Students ponder whether 'The Pickup' is existentialist, Marxist, feminist ... or all three


These are some of the questions students grappled with at the New Student Reading Project small-group discussion session led by Daniel Schwarz, the Frederic J. Whiton Professor of English Literature, Aug. 20, in Uris Hall 260. Under Schwarz's guidance, students sought to discover how the novel was analogous to their own lives.

Using citations from the text to substantiate their reasoning, the students considered the novel's characters through a historical context: How did race and class affect Abdu's identity in post-apartheid South Africa? How did Julie's wealthy background influence her rebellion? Is Julie rebelling, or is she rejecting her father's wealth? The consensus was that she evolved, and this, according to Schwarz, has particular significance for new students.

"You are going to grow. You are going to evolve the set of values you came here with," said Schwarz.

Vincent Andrews, ILR '11, asserted that Gordimer expressed existentialist themes through Julie, who defined her own values and made her own way. He also saw Marxism in Julie's motivations, "She's found her own classless society."

Others reacted emotionally to the characters. "I was angry at her," said Brian Mittereder, Eng. '11, reacting to Julie's actions. "She was doing everything she could to stay, and put all this effort into becoming a part of the family, and in the end, she didn't stay with him [Abdu]."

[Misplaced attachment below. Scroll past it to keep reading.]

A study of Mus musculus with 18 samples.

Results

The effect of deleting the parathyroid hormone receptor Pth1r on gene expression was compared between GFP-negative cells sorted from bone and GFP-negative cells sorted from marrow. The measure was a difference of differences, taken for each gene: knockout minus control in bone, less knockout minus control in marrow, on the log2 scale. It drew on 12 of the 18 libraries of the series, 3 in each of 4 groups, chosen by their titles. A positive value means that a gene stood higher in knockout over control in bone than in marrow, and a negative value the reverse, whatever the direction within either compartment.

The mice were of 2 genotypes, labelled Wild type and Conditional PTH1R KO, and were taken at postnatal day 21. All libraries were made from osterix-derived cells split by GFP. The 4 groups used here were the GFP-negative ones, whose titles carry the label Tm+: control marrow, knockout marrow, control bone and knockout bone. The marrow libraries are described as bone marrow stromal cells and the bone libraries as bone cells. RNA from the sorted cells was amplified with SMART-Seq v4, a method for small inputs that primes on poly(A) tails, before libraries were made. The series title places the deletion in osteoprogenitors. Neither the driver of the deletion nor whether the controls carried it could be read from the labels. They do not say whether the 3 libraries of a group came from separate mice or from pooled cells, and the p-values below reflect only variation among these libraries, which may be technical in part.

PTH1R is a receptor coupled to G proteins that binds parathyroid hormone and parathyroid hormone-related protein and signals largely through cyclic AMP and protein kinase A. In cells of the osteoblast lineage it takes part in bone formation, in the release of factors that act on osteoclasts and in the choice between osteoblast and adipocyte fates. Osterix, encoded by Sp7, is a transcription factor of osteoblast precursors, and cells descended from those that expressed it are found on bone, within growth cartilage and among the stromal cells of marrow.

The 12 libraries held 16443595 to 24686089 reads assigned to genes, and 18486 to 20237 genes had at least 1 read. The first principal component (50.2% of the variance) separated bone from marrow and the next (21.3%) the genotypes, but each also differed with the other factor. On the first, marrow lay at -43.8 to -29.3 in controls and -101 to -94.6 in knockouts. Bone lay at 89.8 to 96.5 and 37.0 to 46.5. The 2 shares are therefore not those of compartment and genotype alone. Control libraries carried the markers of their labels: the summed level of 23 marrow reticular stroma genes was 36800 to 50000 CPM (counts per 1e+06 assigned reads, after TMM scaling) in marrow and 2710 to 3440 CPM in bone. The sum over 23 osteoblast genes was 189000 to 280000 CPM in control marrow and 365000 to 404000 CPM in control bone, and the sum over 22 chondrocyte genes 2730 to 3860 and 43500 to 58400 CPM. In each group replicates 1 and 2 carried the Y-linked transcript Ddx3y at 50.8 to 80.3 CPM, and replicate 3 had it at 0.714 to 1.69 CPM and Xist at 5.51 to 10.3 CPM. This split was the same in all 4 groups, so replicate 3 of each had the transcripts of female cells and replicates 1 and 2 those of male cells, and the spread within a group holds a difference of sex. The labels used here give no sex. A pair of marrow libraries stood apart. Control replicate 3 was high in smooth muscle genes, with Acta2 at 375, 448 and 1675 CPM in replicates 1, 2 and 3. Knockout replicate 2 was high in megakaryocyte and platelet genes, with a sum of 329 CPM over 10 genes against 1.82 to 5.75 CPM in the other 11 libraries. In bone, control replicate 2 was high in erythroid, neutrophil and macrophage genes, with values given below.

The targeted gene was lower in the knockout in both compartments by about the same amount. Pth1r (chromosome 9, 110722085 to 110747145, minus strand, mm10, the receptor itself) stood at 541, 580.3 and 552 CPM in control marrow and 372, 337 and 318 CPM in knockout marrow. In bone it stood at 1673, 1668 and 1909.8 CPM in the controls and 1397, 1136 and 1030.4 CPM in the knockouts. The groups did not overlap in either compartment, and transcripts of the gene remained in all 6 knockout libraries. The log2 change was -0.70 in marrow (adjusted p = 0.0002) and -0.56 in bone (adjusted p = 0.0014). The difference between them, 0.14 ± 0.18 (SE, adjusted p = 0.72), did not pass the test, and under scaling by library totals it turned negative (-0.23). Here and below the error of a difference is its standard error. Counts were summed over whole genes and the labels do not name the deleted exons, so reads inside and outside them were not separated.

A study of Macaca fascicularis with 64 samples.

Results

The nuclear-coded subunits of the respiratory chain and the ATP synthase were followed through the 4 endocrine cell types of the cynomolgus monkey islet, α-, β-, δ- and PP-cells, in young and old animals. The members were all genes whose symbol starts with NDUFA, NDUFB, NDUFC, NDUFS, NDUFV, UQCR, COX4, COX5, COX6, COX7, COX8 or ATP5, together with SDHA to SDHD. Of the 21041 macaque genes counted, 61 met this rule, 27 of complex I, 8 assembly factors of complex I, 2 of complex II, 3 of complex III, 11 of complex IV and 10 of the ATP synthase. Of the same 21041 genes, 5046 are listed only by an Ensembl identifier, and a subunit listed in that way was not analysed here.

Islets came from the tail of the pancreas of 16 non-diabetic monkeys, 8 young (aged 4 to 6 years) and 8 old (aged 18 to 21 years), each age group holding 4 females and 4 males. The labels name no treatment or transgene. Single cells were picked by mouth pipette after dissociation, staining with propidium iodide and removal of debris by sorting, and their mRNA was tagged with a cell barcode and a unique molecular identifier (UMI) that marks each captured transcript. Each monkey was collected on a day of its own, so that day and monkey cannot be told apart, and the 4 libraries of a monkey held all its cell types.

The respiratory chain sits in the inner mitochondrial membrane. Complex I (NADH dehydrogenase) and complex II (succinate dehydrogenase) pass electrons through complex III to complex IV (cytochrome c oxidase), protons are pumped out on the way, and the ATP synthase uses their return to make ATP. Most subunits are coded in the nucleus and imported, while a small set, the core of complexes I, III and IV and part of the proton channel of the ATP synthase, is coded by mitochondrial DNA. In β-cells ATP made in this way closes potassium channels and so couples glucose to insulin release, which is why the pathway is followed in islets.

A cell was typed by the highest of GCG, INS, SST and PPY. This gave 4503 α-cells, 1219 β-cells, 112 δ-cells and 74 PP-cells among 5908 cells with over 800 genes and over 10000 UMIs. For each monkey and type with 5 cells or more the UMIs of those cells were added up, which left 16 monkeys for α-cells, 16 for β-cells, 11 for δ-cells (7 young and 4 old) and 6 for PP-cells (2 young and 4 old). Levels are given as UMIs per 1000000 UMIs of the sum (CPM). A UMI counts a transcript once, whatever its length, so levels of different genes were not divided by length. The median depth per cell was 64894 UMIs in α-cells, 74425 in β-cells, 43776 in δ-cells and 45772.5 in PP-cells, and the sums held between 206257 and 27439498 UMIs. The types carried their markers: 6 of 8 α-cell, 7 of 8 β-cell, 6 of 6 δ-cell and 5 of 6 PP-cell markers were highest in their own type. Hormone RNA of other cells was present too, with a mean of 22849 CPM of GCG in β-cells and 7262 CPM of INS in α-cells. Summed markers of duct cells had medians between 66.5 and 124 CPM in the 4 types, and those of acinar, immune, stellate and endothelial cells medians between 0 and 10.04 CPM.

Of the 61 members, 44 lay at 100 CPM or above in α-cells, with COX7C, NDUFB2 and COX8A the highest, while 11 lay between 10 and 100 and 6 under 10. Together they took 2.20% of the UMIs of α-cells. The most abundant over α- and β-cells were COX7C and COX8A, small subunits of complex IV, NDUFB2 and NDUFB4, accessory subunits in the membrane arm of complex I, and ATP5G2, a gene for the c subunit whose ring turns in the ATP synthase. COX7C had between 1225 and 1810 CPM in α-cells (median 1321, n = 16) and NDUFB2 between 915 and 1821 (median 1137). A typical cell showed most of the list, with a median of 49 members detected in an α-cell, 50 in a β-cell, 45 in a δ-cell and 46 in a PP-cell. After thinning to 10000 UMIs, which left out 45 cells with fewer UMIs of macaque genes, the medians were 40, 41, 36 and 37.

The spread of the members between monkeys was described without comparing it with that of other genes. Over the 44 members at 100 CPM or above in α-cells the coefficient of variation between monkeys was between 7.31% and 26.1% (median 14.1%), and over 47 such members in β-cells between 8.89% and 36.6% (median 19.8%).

Woonghee Lee, Hotel '11, described his own tour of Johannesburg, South Africa, to give a glimpse into the context of the novel's characters, reflecting on the incredible income gap between rich and poor and the cultural norms he witnessed there.

"You were told not to walk around alone at night," he said. "There were roaming gangs."

According to Schwarz, the bottom line is that every book has something to teach, and that it is important to question how we learn.

"Imaginative works increase moral and political awareness, and let us know countries we haven't visited," Schwarz said. "They deepen our experience of life."

Shriya Palekar '08 is a writer intern at the Cornell Chronicle.